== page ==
Risë Stevens, an opera singer who was quite well known in the 1940s and ’50 s, spelled her name R-i-s-e with a diaeresis over the e so no one would call her Rise by mistake. I wonder how many times people said, “Yo, Rise— what’s with the dots?”
Lately, Risas are on the rise. There’s a casting agent whose name rolls past almost too quickly in movie credits. I have met four Risas who live near me in California and one who lives in New York.
A Risa in LA was named after me. And several years ago, a couple in my neighborhood named their baby Risa. We were Big Risa and Little Risa for a while until we both thought better of it. We Risas don’t like to stick with things when they are no longer cool.
A few years ago, I introduced myself to someone who told me that a Risa he knew belonged to the The Reesa Society. “The what?” I asked him. He said there is a society for people named Risa, no matter how it’s spelled.
So I checked out the web site, and printed my very own certificate of membership. There were so many comments on the site that the host stopped accepting new ones in 2003. The grand originator, the inspiration to mothers all over America in the 1950s, the anthropological Lucy to all of us, Risë Stevens the opera singer herself, had signed up as a member. She passed away recently at the age of 99. Saucy and long-lived: a worthy goal.
With my certificate of membership, I am now part of a sisterhood with a shared history and a built-in understanding of what it’s like to have such a fuss made over a simple name like ours. My fellow Risas are a font of information. Where else would I have learned about the Reesa character on Seinfeld, and Star Trek’s planet Risa, the “infamously lush resort planet, renowned for its breezes and easy-going sexuality, host to millions each year.” I wonder if Risë Stevens ever heard about this. Makes saucy sound kind of weak.
A couple of the Risas I read about had gone through a period where they gave up and just answered to Lisa or Rita or Theresa or whatever. I used to toy with the idea myself when I was younger, but I actually liked having a name that was different, even if I had to go through the questions and the spelling every time I was introduced to someone.We Risas like to be addressed correctly. As one member of the Reesa Society wrote: “Everyone wants to pronounce it wrong. Then they tell you it is the prettiest name they have ever heard.” We laugh, because Risa means laugh or laughter in Spanish, as I have been told so many times.
It still makes me stop in my tracks when I see my name in print, though. We are often literary people, and take notice on the rare occasion an author shows the grace and sensitivity to name a character Risa. And thank you, Michael Chabon, for the mention. (The Yiddish Policeman’s Union, pg. 265)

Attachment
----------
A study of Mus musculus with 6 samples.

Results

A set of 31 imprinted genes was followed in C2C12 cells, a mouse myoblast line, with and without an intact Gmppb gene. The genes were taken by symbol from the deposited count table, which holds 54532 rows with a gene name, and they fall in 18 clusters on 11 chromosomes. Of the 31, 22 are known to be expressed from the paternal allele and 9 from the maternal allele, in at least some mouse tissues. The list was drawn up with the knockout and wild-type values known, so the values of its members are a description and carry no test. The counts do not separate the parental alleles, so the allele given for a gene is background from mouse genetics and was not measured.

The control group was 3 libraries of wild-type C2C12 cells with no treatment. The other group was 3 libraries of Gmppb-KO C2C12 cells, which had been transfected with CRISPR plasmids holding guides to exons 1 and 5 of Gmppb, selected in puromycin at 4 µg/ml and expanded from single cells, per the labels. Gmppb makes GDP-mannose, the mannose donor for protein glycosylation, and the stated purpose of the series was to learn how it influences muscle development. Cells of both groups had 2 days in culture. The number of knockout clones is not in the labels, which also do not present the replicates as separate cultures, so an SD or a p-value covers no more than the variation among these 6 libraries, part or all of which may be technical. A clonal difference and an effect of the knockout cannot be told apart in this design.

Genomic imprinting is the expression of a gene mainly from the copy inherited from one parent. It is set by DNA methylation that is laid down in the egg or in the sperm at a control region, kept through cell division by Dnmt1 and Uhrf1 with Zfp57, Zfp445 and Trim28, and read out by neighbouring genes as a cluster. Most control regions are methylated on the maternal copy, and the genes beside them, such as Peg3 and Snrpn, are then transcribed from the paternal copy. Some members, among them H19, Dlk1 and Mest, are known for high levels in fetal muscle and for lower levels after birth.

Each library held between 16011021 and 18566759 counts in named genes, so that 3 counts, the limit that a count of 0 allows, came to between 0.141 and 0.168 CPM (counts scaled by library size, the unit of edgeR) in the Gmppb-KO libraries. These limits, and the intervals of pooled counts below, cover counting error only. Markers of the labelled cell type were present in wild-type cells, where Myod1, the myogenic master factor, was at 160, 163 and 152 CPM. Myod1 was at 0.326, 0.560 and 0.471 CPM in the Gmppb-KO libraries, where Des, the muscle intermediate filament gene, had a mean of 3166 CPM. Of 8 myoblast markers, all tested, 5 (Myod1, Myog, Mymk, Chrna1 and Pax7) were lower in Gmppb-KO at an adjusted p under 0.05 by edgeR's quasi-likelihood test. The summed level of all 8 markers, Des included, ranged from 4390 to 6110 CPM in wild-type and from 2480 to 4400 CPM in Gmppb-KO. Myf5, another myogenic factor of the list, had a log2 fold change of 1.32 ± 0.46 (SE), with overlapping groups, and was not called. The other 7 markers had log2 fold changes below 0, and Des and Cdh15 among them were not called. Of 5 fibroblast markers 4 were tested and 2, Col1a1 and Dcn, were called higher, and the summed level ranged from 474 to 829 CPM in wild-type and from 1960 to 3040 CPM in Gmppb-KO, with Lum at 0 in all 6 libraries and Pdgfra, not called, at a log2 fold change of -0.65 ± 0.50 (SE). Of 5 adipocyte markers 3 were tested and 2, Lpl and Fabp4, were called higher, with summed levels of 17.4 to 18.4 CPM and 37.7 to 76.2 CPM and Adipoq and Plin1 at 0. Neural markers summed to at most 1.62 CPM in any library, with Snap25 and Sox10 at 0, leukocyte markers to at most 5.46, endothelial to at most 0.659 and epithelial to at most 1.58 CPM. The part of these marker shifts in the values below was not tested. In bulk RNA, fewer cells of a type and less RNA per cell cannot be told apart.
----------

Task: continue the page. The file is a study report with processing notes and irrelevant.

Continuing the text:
I find it comforting to know there are more of us in the world than I ever imagined, and according to the Reesa Society website, we are not all named after the same person, we are not all descended from Russian Jews, and no one ever uses those whaddya call ‘em dots over the e anymore. As far as I am concerned, mine is the only correct spelling, but we Risas are a tolerant group and welcome the double ee’s, the double ss’s and even the occasional extra “h”.
Nicknames are an issue, though. You can only shorten a four letter word so much. A few people like to call me “Ris,” but it looks funny when you write it R-i-s, and if it’s R-e-e-s-e, then that’s longer than my actual name. Old Brooklyn Dodgers fans might have been tempted to call me “Pee Wee Reese” back in the day, but it would be an unseemly nickname for someone who prefers to be thought of as “saucy.”
Then there was the whole Rhesus monkey thing in elementary school.
Some joker gave me a Reece’s Pieces t-shirt once upon a time. It was bright orange and also sported the slogan “Two Great Tastes.” I wore it proudly, especially when I was nursing my youngest child. We Risas are able to take a joke, even when it has to do with something as closely tied to our self-esteem and our feelings as our very own special name, which, as you know by now, means “laughter.”
There will never be things with my name on them hanging on those racks you see in toy stores. I think about the young Risas of today with no little license plates, no toothbrushes or barrettes. To them I say: suck it up! We are saucy, confident, and proud. We don’t need no stinkin’ barrettes! Say it loud and spell it clearly. Over and over again.
And remember to smile when you say: Hello, My name is Risa!